Hung Jury in Terror Finance Case

The government's most celebrated effort to prosecute a Muslim charity for financing terrorism ended in a bust.

A federal judge declared a mistrial on Monday in what was widely seen as the government’s flagship terrorism-financing case after prosecutors failed to persuade a jury to convict five leaders of a Muslim charity on any charges, or even to reach a verdict on many of the 197 counts. ...

The case involved 197 counts, including providing material support to a foreign terrorist organization. It also involved years of investigation and preparation, almost two months of testimony and more than 1,000 exhibits, including documents, wiretaps, transcripts and videotapes dug up in a backyard in Virginia.

The only verdicts returned were acquittals. Prosecutors are vowing to present their (mostly nonexistent) case to a second jury, apparently hoping that new jurors will be cowed by the words "terrorism" and "Muslim" and will overlook the absence of evidence that the charity financed anything other than charitable works.

The implications of the government's strategy for dealing with Muslim charities are stunning:

David D. Cole, a professor of constitutional law at Georgetown University, said the jury’s verdict called into question the government’s tactics in freezing the assets of charities using secret evidence that the charities cannot see, much less rebut. When, at trial, prosecutors “have to put their evidence on the table, they can’t convict anyone of anything,” he said. “It suggests the government is really pushing beyond where the law justifies them going.”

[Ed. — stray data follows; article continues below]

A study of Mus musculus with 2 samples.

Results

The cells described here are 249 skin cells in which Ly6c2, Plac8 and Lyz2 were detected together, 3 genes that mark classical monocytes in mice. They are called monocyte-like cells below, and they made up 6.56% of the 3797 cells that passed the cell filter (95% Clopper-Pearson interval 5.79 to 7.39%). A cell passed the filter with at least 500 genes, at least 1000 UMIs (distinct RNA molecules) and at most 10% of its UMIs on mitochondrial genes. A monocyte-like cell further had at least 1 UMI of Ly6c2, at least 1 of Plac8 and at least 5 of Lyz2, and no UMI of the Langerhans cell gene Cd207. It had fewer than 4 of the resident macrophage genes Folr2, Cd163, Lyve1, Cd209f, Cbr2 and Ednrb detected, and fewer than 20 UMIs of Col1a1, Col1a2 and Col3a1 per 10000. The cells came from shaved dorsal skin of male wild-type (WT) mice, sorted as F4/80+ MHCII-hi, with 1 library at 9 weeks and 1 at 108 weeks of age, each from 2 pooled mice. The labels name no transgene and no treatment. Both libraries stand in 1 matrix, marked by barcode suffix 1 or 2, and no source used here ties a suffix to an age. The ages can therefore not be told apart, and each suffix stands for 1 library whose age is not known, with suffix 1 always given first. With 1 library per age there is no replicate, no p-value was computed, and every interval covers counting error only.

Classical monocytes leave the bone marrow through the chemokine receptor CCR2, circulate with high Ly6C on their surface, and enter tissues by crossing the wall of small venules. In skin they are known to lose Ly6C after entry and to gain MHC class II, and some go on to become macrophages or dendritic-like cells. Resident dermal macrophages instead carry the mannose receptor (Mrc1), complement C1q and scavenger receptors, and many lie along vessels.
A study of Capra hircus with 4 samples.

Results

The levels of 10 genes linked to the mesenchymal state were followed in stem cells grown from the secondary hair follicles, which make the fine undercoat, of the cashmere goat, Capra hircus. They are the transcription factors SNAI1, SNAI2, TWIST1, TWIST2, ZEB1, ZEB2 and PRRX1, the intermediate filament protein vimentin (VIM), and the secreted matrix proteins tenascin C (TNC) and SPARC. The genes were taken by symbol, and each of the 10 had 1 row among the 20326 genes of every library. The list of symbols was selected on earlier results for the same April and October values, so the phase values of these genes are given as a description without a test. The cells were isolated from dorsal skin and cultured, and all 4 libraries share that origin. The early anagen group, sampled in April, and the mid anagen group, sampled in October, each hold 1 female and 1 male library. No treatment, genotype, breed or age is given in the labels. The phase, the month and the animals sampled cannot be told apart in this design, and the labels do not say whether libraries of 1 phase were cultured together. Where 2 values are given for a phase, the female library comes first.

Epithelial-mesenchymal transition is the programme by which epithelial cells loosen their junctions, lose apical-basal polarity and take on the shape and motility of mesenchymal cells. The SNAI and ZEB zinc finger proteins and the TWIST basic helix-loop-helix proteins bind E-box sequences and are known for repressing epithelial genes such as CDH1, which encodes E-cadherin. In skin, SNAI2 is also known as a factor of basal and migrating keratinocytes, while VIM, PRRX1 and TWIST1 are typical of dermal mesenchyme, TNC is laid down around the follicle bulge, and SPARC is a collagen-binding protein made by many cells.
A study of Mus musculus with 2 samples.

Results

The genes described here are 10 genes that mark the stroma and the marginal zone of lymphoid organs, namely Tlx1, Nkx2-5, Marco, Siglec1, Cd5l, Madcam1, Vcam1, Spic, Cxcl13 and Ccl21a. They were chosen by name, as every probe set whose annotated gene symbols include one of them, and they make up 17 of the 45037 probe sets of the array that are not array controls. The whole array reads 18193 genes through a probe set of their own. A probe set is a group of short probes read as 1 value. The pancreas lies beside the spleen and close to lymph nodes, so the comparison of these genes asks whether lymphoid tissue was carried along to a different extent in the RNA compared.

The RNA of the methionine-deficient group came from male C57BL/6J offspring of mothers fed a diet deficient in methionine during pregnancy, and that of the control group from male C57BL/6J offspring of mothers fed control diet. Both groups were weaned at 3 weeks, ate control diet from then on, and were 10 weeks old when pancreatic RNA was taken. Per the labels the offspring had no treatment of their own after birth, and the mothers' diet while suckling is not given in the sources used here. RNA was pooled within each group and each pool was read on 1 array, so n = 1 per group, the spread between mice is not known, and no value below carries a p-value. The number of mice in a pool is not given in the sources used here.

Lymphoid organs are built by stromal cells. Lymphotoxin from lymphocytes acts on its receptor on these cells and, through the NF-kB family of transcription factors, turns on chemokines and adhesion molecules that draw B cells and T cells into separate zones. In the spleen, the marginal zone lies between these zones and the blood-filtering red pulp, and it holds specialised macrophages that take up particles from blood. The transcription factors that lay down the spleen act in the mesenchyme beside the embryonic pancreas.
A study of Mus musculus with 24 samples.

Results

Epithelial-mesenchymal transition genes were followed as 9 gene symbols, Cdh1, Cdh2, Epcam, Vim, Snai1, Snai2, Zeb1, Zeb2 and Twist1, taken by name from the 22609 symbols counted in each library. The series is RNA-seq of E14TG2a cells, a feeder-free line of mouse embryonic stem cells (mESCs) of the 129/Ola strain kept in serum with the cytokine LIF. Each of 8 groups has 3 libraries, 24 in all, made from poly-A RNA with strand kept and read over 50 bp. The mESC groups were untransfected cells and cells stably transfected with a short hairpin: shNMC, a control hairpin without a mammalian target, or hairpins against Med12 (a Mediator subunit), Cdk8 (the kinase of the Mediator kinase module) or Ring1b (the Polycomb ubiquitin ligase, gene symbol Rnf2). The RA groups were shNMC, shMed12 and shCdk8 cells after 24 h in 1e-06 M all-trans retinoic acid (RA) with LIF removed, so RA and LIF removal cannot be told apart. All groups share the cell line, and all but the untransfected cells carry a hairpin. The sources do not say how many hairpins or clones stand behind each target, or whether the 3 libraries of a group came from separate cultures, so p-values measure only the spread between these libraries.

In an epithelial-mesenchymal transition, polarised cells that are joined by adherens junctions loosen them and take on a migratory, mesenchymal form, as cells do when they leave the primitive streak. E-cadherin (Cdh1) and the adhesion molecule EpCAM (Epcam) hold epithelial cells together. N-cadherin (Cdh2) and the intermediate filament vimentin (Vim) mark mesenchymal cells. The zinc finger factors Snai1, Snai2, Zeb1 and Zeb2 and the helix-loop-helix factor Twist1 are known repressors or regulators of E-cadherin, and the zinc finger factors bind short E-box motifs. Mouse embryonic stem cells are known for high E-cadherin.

More background to the trial here.

(Update (TL): I have a long post on the verdict today over at Firedoglake.)
    it proves the authors of the constitution were no fools; they explicitly disavowed the use of secret trials and evidence, as being antithetical to a free and open society.

    this was a case based, not on actual evidence, but on the govt's hope that a scared jury would convict the ham sandwich, if they called it a "terrorist" often enough. that the jury couldn't agree on any of 197 charges says something about the weakness of the entire case.

    as a taxpayer, i don't appreciate some egomaniac prosecuter squandering my money on a lost cause. if it's such a great case, they can fund a second trial themselves, and then sue for compensation if they win.